Florida seaports continue making a difference in helping resolve supply chain disruptions. Our seaports are Open for Business and new business continues making its way to Florida ports. New shipping lines and new container services have already been added, and many of our ports are in talks with carriers about even more business calling on the Sunshine State. You’ll see more about the successes our ports are experiencing in this month’s newsletter.
Certainly, there are pockets of national and international volatility, like the Shanghai COVID lockdowns which could impact Asian goods getting into the U.S. market, and of course the war in Ukraine is having an impact on key imports, particularly wheat.
But Florida is in a strong position, and in many cases, our seaports are actually insulated from other international volatilities.
Consider fuel. Refined fuel coming to Florida seaports primarily makes its way from Louisiana and Texas. Florida ports are not refinery ports, therefore raw crud like the now banned Russian oil, historically doesn’t make its way into Florida seaports.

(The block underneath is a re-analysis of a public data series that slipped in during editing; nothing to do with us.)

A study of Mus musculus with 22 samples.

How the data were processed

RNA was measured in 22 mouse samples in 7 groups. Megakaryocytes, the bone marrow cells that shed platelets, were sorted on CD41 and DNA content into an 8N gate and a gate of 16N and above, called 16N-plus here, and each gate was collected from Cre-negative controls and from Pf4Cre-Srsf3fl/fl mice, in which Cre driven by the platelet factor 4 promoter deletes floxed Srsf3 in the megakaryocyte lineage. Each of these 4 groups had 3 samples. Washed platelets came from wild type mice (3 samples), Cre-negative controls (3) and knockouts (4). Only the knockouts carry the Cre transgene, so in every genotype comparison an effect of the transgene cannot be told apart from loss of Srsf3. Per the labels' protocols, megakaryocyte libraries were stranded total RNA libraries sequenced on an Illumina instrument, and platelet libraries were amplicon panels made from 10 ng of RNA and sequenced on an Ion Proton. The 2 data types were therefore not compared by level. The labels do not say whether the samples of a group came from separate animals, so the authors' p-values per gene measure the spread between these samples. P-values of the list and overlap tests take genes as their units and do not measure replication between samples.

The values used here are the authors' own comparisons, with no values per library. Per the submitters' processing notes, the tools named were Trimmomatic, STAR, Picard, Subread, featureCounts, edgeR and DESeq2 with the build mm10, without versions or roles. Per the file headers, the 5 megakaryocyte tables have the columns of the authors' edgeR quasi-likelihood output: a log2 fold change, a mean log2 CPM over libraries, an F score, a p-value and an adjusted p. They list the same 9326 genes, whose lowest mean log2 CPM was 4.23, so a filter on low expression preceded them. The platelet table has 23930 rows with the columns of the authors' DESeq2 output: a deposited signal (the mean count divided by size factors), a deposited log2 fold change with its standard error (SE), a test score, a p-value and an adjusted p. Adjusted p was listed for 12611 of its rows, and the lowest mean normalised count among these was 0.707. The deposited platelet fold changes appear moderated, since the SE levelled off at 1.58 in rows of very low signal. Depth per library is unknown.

In other cases, Florida’s seaports actually stand to gain from some instabilities closer to home.
In California for example, where port labor talks are underway, history shows these negotiations have often led to a logjam of cargo ships moored at sea. Shipping lines are well aware of this history, and of course, many recently experienced the logjam delays that were brought on, in part, by the pandemic.
Shipping lines continue to tell us that Florida’s uncongested berths, and our efficient and reliable seaports are among the reasons they are changing trading lanes and diverting to the Sunshine State.
As newly appointed Florida Department of Transportation Secretary Jared Perdue settles into his new position, we look forward to working with him and building on our strong relationship with the agency. FDOT and Governor Ron DeSantis continue to be supportive of the advances Florida’s seaports are making, and we feel confident this increased economic activity will only continue.
Momentum is strong, and the collaborative efforts of our seaports working together is benefitting Florida. Florida’s seaports are connecting commerce.